This was a delight after the turgid prose of The Night Lands. It’s a concisely written novella that is a solid read and had a strong impact on twenty first century science fiction. Because of this, most genre aficionados will have some idea of the plot. I highly recommend it.
This book, written in 1912 by William Hope Hodgson is an imaginative tour-de-force, filled with spectacular imagery and grotesque monsters. It’s an epic story that riffs off the Orpheus myths; about a man going entering the underworld to rescue the woman he loves. Continue reading “The Night Land by William Hope Hodgson”
I finished reading Robert Jordan’s Wheel of Time! I have unlocked an achievement! After a Herculean marathon, I re-read most of the books over the Christmas break, and have now caught up on the last three books, co-written with Brandon Sanderson.
This was a rather pretty film, but well, how do I put it? Well, it’s a bit dumb. Ostensibly a prequel to the famous, 1930s MGM film with Judy Garland, this movie doesn’t really convince me that the origin story for the Wizard of Oz needed to be told. It wasn’t a ‘Wicked’ style revision to the Wizard of Oz character; more just a plodding prequel that ruins the entire point of the Wizard of Oz character.
My current project is a fantasy-ish detective novel, written in the first person. Currently I’ve got the problem where the detective finds a suspect and has to get a large chunk of information from them. There’s a couple of ways of presenting this to the reader, with the goal of making this as interesting as possible.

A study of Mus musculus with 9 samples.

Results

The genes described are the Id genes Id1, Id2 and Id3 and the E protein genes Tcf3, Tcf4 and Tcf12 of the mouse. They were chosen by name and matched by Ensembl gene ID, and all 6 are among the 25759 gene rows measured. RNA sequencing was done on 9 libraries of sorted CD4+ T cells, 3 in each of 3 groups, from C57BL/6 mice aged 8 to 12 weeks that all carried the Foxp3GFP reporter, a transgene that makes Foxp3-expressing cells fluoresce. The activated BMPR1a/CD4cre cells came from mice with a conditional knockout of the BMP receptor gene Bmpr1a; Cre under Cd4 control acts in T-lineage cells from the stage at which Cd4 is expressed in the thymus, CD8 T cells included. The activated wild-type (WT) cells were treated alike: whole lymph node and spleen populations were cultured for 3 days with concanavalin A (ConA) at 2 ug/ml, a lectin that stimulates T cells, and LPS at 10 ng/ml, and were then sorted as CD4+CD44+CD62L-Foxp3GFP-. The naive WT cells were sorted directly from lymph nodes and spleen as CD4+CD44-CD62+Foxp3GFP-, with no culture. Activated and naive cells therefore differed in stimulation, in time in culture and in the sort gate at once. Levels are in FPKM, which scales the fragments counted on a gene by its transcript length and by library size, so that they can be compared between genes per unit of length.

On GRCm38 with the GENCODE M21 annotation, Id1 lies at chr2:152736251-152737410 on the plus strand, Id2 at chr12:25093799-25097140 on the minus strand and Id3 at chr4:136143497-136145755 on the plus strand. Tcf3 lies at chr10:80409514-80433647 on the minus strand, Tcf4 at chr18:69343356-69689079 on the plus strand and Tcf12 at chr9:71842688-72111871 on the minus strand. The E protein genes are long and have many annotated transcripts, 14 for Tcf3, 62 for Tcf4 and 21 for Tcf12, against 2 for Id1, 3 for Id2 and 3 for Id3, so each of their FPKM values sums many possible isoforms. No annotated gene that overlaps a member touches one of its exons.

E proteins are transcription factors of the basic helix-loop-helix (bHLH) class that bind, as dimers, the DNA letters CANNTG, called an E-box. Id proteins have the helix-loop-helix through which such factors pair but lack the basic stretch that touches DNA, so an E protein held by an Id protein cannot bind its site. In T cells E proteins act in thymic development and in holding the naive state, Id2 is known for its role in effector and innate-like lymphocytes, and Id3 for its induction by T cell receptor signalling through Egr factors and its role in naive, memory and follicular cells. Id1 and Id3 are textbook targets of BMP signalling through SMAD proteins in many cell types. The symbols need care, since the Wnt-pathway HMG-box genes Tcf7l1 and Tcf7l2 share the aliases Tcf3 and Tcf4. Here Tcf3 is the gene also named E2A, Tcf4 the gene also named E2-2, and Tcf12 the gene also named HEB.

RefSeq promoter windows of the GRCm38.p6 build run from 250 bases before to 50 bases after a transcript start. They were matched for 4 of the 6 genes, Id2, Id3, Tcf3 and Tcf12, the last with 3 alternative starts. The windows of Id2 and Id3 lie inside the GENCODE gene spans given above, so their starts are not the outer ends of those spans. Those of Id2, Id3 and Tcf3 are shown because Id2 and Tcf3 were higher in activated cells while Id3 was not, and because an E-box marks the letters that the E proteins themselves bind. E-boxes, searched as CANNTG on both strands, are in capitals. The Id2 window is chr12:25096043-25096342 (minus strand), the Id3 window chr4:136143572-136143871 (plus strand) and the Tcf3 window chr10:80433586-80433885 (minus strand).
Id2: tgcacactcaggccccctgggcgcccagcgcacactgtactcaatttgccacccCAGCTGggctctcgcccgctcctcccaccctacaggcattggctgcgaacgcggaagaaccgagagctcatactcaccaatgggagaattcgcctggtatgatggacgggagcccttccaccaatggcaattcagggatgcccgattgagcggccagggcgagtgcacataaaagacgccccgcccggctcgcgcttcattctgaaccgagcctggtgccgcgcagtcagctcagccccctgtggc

I’m just back from GenreCon 2012. Simply put, I had a ball. It was also very conveniently located in Parramatta, which all conventions should be in future. Organisationally, it ran smoothly, and felt rather similar to the Romance Writer’s of Australia convention I went to earlier this year, albeit smaller and covering crime, horror and spec-fic as well as romance. (Although the orgs admitted that the RWA was their mentor in getting things running so smoothly!)
I heard that Sara Douglass passed away from cancer. I first noticed her book ‘BattleAxe’ with a highly garish cover, at the old Angus & Robertson at the top of the Queen Street Mall. (Last time I went there, that entire bookshop was gone.) Flipping through, I saw that Sara was Australian. Someone who’d written a thick, chunky fantasy novel. BattleAxe was good stuff – a strong action-line, vivid battles, and story that kept me enthralled. I haven’t re-read them since I was a teenager, but I still remember the imagery of the Icarii, the Star Dance, WolfStar’s machinations, Gorgrael’s threats and lonely rule over the icepack and the wonderful themes of magic returning to a land.
Load of spoilers below.
I will probably ruin the movie for you if you haven’t seen it yet.